The Globe and Mail reports
that Ubisoft is in discussions with financiers in
an attempt to fend off what's described as a hostile takeover by Vivendi, owners
of a 15% stake in the company. Ubisoft founder and CEO Yves Guillemot, confirmed
meets are taking place with potential investors in Montreal and Toronto to help
the Guillemot's retain control of the company, and this blurb explains what's
going on, implying local jobs may be on the line:
Mr. Guillemot and his
four brothers started Ubisoft in France’s Brittany region and own a minority
stake, expanding it more than 30 years to become one of the world’s top five
video game publishers. They’re trying to push away Vivendi and its billionaire
chairman, Vincent Bolloré, who has amassed a 15-per-cent stake in Ubisoft in
recent months and made an unsolicited takeover offer worth some 500-million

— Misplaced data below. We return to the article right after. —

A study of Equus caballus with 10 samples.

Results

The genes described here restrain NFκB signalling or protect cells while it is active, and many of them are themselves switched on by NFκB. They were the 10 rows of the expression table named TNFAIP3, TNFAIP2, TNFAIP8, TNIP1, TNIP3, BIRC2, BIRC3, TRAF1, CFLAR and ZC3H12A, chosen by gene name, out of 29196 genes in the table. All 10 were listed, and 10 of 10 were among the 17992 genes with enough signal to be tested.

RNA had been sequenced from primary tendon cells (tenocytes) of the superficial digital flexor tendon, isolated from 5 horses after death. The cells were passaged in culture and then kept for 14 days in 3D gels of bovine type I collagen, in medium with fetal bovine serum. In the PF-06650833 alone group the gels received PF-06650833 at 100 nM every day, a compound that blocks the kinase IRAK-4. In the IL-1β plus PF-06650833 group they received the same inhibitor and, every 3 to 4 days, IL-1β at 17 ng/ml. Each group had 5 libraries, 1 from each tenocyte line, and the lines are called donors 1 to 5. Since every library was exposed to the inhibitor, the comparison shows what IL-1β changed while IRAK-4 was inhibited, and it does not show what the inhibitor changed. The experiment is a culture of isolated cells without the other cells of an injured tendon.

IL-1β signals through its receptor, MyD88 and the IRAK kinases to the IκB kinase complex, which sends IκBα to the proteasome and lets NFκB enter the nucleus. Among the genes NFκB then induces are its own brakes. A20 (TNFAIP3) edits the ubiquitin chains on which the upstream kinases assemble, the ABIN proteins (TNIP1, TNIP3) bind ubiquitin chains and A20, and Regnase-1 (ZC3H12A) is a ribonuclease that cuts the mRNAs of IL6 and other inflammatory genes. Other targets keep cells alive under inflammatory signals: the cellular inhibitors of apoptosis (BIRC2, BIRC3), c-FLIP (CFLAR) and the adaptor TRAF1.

euros ($750-million) for another Guillemot brothers-run gaming company, Gameloft
The hostile bid on Gameloft is the first step in Vivendi’s larger ploy to force
talks with the Guillemot family and take over Ubisoft, analysts at European
investment bank Bryan, Garnier & Co. have said.
At stake are more than 3,000 Ubisoft jobs in Montreal, Quebec, Toronto and
Halifax, and hundreds of millions in capital invested since the company opened
its first studio in Canada in 1997. Quebec has the most to lose, with Ubisoft
representing a pillar of its multimedia industry.
Although it’s unlikely Vivendi would shut down Ubisoft’s Canadian studios
outright, the assets would be better protected if Ubisoft remained independent,
Mr. Guillemot told The Globe and Mail on Thursday. Ubisoft enjoys a
decision-making and operational agility that it wouldn’t have under Vivendi, and
can forge better partnerships with global media players such as Warner Bros.
instead of being forced to work with Vivendi’s properties, the CEO said.